Madagascar is an island nation in the Indian Ocean, off the eastern coast of Africa. Madagascar is the 4th largest island in the world. It is the home of five percent of the world’s plant and animal species, 80 per cent of them unique to Madagascar. Most famous among those are the lemurs. Madagascar and Mauritania are the only countries not to use a decimal currency. Its teeming fertile forests and geographical isolation have served to preserve and propagate ‘nature’s design laboratory’ in a mix found nowhere else on earth. Madagascar’s forests are a shimmering, seething mass of a trillion stems and dripping leaves.
Parc National d'Andasibe-Mantadia with its 12,810ha encompasses two distinct areas: the small Réserve Spéciale d'Analamazaotra (often referred to as Périnet, its colonial-era name, or simply as the Indri Reserve) in the south by Andasibe; and the much larger Parc National de Mantadia to the north. The park is easily accessed from Antananarivo and is a popular stop on tourist itineraries.
Antananarivo, better known in the short version Tana, is the bustling capital of Madagascar with about 2,000,000 inhabitants. Situated in the high plateau, the city was founded in 1610 by a Malagasy King. To protect the newly gained territory he left 1000 men behind and that’s how Antananarivo got its name (town of 1000).
This park was established in 1962 and covers 81,540 hectares of a wildly eroded sandstone massif. The grassy plains are surrounded by sandstone ridges sculpted into wild forms, and secluded in the rocks are many Sakalava Tombs. The Canyon des Singes ('Canyon of Monkeys') makes for an interesting day walk, and you'll have a good chance of seeing sifakas (a common lemur) leaping through the trees.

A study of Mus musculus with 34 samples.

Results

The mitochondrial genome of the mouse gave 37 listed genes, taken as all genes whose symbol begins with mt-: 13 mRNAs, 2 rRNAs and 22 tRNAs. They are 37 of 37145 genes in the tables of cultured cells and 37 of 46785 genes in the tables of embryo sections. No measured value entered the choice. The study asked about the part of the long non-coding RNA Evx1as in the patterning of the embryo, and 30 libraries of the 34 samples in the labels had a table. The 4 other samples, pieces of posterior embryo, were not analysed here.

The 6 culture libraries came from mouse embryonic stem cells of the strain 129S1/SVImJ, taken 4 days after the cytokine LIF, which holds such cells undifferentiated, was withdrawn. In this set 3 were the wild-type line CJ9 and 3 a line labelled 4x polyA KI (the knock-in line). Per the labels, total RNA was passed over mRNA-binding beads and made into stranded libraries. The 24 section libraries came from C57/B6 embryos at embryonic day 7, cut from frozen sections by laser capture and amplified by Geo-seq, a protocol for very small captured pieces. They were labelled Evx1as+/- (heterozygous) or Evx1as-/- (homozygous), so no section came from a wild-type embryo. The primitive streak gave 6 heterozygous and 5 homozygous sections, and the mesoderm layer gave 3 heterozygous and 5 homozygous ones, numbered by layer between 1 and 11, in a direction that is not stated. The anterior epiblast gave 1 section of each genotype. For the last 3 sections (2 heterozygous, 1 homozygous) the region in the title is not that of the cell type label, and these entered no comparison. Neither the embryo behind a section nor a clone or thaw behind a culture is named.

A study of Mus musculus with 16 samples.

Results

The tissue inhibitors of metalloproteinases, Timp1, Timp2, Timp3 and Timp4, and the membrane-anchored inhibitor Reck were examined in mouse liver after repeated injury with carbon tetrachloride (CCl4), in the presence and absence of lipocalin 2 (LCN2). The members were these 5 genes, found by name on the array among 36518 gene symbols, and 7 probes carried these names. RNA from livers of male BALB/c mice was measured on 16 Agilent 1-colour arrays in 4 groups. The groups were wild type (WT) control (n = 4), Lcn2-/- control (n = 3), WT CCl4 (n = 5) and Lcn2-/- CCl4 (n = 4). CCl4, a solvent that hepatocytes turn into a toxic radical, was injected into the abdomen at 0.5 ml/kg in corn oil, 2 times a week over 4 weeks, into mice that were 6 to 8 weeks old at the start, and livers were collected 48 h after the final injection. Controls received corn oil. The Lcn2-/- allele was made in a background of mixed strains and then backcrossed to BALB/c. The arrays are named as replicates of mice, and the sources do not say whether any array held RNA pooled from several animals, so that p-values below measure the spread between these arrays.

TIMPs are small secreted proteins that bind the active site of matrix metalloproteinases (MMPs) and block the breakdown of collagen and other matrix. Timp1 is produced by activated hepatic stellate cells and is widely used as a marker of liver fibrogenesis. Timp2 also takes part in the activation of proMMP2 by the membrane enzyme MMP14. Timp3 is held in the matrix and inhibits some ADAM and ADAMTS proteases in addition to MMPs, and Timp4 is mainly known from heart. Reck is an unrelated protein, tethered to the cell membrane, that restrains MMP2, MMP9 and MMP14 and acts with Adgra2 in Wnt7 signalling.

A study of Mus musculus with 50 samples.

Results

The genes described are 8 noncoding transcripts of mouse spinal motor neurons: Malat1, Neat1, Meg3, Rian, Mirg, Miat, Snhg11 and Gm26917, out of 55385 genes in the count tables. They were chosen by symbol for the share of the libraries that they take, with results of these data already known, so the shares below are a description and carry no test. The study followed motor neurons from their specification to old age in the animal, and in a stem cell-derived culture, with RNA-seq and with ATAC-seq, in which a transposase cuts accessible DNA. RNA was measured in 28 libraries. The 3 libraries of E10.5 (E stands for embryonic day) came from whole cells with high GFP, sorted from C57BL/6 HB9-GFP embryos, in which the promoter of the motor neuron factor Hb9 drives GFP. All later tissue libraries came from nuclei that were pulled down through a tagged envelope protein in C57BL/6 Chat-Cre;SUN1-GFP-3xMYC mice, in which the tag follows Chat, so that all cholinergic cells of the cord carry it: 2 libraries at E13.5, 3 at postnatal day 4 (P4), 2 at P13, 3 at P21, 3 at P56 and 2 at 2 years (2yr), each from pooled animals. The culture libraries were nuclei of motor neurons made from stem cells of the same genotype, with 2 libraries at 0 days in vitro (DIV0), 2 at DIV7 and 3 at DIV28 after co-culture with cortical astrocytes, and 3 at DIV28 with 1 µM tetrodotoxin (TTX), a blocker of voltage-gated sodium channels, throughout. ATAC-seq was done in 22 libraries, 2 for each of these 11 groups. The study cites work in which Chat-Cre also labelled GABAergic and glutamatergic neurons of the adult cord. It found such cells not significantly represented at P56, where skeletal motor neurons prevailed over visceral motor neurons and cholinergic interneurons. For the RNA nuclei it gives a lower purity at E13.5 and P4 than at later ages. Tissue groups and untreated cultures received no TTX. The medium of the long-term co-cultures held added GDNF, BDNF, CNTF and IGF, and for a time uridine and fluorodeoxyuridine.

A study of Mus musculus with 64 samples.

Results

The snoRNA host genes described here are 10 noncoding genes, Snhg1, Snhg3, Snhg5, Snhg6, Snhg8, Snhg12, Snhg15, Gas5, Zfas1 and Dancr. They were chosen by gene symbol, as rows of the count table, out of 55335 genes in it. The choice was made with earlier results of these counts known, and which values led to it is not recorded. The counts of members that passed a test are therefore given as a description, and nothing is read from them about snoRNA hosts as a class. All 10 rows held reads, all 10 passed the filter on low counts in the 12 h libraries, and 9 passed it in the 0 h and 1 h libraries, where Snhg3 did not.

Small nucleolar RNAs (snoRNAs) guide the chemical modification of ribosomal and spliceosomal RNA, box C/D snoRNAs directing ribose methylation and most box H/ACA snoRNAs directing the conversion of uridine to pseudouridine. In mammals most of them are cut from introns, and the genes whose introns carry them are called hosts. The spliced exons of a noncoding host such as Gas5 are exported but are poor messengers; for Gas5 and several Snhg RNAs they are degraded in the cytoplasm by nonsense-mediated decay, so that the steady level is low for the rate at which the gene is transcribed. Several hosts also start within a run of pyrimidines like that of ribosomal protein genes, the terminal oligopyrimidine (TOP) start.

Morondava is a vibrant west coast town, well known for its seaside resort, laid-back atmosphere, and for being the centre of the Sakalava kingdom. Not only is it a prosperous rice-growing area, but it is also the southern gateway to the attractions of the west, such as the Kirindy forest, and the famous baobabs.
15 km away from the north-western coast of Madagascar lies the 321 km² large island Nosy Be. Here you can still discover a little paradise, which has been spared of mass-tourism. Climb on Mount Lokone (450m) or Mount Passot (350m) and you will be able to see Nosy Be in all its beauty: its jagged coasts, the numerous bays and lovely coves, the deserted beaches and the crystal clear water.
Ranomafana National Park was created in 1991, after the golden bamboo lemur was discovered there in 1986. Located 445 kilometres south of Antananarivo and 65 kilometres east of Fianarantsoa, this beautiful reserve protects a humid rainforest that is teeming with a vast array of wildlife. In addition to the golden bamboo lemur, other lemur species include the greater bamboo lemur, the red-bellied lemur, the grey bamboo lemur, Milne-Edwards sifaka, the red fronted brown lemur, the sportive lemur, the black-and-white ruffed lemur, the greater dwarf lemur, and the brown mouse lemur.
Toliara, which came into existence in 1895 and is also known as Tuléar, is Madagascar’s most recently established provincial capital. It is a regionally significant port and the major town of south-western Madagascar. 29km north of Tuléar, you can find Ifaty. It is popular for its huge variety of birds and its good possibilities to see endemic species. But there is lot more to see. Ifaty has a fascinating flora with bloated trees and plants and spiny, drought resistant trees.